Welcome to Friday's newsletter. Don't miss the note immediately below this for news about the next we
April 26 · Issue #407 · View online
Big Revolution
Welcome to Friday’s newsletter. Don’t miss the note immediately below this for news about the next week. Have a great day, folks.
– Martin from Big Revolution

A note about the coming week...
I’ll be on holiday (or vacation, depending on where you’re from) for a week from today, and then there’s a public holiday on the Monday after I return, so the next full edition of this newsletter will be on Tuesday 7th May.
However, if you’re a Big Revolution newsletter member, I’ll still be sending you a summary of Big Things You Need To Know and a Big Read every weekday next week. Want in? Become a member today.
Big things you need to know today
  • Facebook faces increasing scrutiny from regulators. The US Federal Trade Commission, Canadian privacy commissioners, and the Irish Data Protection Commission are all investigating or mulling action against the company. Meanwhile, the New York attorney general’s office is investigating Facebook’s unauthorised collection of 1.5m email addresses. The New York Times explains more.
  • Twitter doesn’t automatically identify white supremacists on its platform because some mainstream right-wing politicians would also get caught up in the dragnet, Motherboard reports. This says a lot about the quality of political discourse right now.
  • Facebook is banning apps of ‘limited utility’ such as personality quizzes from using its APIs. Also, apps that don’t use their access to your account for 90 days will have it revoked.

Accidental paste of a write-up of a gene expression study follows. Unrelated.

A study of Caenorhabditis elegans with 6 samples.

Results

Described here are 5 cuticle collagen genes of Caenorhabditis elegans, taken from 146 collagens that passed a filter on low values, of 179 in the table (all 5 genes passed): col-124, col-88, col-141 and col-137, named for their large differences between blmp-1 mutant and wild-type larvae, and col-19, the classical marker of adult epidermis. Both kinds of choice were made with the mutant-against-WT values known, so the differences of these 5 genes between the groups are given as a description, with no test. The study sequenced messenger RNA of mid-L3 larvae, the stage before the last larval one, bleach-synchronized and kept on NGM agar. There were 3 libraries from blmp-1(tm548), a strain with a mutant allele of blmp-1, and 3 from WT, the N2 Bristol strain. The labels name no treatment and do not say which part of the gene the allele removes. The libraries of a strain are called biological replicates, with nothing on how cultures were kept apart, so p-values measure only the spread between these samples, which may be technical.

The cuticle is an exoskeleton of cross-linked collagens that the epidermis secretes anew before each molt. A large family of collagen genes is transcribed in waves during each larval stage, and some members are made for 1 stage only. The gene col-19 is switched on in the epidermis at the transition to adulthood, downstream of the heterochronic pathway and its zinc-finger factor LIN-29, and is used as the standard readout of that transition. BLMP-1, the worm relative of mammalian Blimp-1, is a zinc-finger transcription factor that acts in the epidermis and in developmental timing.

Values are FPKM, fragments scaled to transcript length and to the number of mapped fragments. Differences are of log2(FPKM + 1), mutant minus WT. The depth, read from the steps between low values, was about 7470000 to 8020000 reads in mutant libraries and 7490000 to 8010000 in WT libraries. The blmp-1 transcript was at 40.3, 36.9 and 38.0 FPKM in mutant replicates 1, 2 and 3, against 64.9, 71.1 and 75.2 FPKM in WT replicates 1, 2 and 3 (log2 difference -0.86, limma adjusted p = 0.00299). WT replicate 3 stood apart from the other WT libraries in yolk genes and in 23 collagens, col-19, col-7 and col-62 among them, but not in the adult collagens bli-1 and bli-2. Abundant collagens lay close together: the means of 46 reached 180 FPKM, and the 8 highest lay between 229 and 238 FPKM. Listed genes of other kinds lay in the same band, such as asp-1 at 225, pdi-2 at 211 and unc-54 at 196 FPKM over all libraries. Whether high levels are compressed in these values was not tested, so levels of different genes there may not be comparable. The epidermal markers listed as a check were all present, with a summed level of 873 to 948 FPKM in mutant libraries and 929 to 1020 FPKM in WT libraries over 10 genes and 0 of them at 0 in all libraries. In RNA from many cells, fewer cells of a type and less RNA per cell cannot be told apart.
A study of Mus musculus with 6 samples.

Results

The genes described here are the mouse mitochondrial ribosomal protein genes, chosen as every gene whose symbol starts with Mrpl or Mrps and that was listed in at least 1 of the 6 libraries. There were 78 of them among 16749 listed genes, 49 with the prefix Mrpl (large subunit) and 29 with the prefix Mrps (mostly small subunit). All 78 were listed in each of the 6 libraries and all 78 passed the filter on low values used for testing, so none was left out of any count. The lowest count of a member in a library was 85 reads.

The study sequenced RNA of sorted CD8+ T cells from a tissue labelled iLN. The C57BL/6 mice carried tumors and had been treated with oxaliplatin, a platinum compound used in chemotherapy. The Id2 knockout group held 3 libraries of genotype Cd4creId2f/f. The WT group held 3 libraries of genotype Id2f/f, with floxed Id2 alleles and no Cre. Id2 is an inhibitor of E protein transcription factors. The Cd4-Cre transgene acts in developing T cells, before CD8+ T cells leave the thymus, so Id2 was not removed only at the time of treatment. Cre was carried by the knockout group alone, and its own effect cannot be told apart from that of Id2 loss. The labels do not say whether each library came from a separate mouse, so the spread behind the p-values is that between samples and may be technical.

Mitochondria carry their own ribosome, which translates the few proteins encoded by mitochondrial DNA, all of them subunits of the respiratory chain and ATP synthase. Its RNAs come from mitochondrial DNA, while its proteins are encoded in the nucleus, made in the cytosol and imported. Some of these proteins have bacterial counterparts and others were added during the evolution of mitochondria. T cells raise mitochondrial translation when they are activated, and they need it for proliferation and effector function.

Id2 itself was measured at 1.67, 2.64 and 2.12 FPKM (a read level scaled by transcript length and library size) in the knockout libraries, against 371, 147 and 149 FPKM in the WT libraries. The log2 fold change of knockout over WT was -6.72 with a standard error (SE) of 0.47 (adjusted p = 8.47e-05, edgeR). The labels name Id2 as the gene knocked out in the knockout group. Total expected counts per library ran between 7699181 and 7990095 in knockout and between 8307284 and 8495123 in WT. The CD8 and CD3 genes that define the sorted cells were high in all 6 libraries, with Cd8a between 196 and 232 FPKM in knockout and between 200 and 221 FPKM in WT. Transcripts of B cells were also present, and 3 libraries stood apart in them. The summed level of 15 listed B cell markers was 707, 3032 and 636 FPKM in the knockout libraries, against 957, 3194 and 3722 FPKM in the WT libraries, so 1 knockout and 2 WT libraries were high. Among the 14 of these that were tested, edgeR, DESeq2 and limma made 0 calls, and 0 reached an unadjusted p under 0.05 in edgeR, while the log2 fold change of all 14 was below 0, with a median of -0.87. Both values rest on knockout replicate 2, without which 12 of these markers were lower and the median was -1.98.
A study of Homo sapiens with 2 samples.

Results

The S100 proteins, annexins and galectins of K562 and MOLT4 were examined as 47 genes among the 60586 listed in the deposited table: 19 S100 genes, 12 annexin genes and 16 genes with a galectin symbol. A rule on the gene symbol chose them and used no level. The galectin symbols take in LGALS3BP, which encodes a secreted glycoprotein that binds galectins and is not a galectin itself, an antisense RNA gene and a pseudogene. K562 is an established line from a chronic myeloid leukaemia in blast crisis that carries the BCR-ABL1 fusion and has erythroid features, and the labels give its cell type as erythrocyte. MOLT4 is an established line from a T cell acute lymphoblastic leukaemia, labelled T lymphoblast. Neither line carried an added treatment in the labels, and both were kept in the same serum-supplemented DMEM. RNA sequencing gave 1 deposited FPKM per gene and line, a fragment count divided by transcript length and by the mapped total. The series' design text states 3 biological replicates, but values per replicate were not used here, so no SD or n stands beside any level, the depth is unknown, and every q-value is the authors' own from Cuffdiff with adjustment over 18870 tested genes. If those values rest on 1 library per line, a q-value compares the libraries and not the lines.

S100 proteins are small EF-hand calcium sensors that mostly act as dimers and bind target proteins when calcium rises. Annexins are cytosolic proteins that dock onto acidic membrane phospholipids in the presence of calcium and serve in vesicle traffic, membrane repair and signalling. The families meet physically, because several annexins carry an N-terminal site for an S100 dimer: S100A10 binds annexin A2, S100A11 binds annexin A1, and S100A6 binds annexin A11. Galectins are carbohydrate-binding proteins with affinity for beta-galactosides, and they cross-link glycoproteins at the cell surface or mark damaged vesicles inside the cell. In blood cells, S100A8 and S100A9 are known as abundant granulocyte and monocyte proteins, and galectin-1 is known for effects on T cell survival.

• Amazon plans to launch free one-day shipping for Prime subscribers in the US. This is big news there, but it’s been a benefit of Prime in the UK for years.
The big thought
Credit: CMDR Shane on Unsplash
Don’t worry, your password hasn’t expired
“Your password has expired, please enter a new one” is one of the most frustrating messages an office worker can see at the start of their day.
Often the solution is to just take your old password and add a number to the end. It’s hardly secure (if a would-be hacker discovers your old password they’ll probably guest your new one) and regularly inconveniencing users isn’t the best way to make them treat the security of your network with care.
For years, security experts have argued that automatically expiring passwords were poor security practice, and finally, it seems Microsoft agrees. The option for administrators to force users to regularly change their password is being removed from an upcoming version of Windows 10.
As Bleeping Computer reports, there will be no replacement security feature, but network administrators and security officers should focus on introducing things like two-factor auth and password managers. These are far more secure, with physical keys being particularly appealing in many situations.
This is very much a positive move, but given the (often necessary) glacial pace at which many large businesses update their software, it will likely be some time yet before automatically expiring passwords completely expire from office life.
One big read
Laurene Powell Jobs' Foundation Becomes a VC Machine Laurene Powell Jobs' Foundation Becomes a VC Machine
A profile of the woman best known to the world as Steve Jobs’ widow, but who has been busy building a business, investment, and philanthropy empire that’s very much her own.
One big tweet
‘Netflix for podcasts’ service Luminary launched without some big-name content from the likes of the New York Times and Spotify, but now smaller creators are angry with it, too.
Owen Williams ⚡
@hearluminary Probably would have added our show to Luminary if they had just asked, but instead I'm here making a takedown request—great way to make a good impression in the podcasting community!
1:46 PM - 25 Apr 2019
That’s all for today...
As mentioned above, there are no weekend editions for the next couple of weekends but if you’re a member you’ll be getting weekday updates every day next week. If not, I’ll see you back on the 7th of May.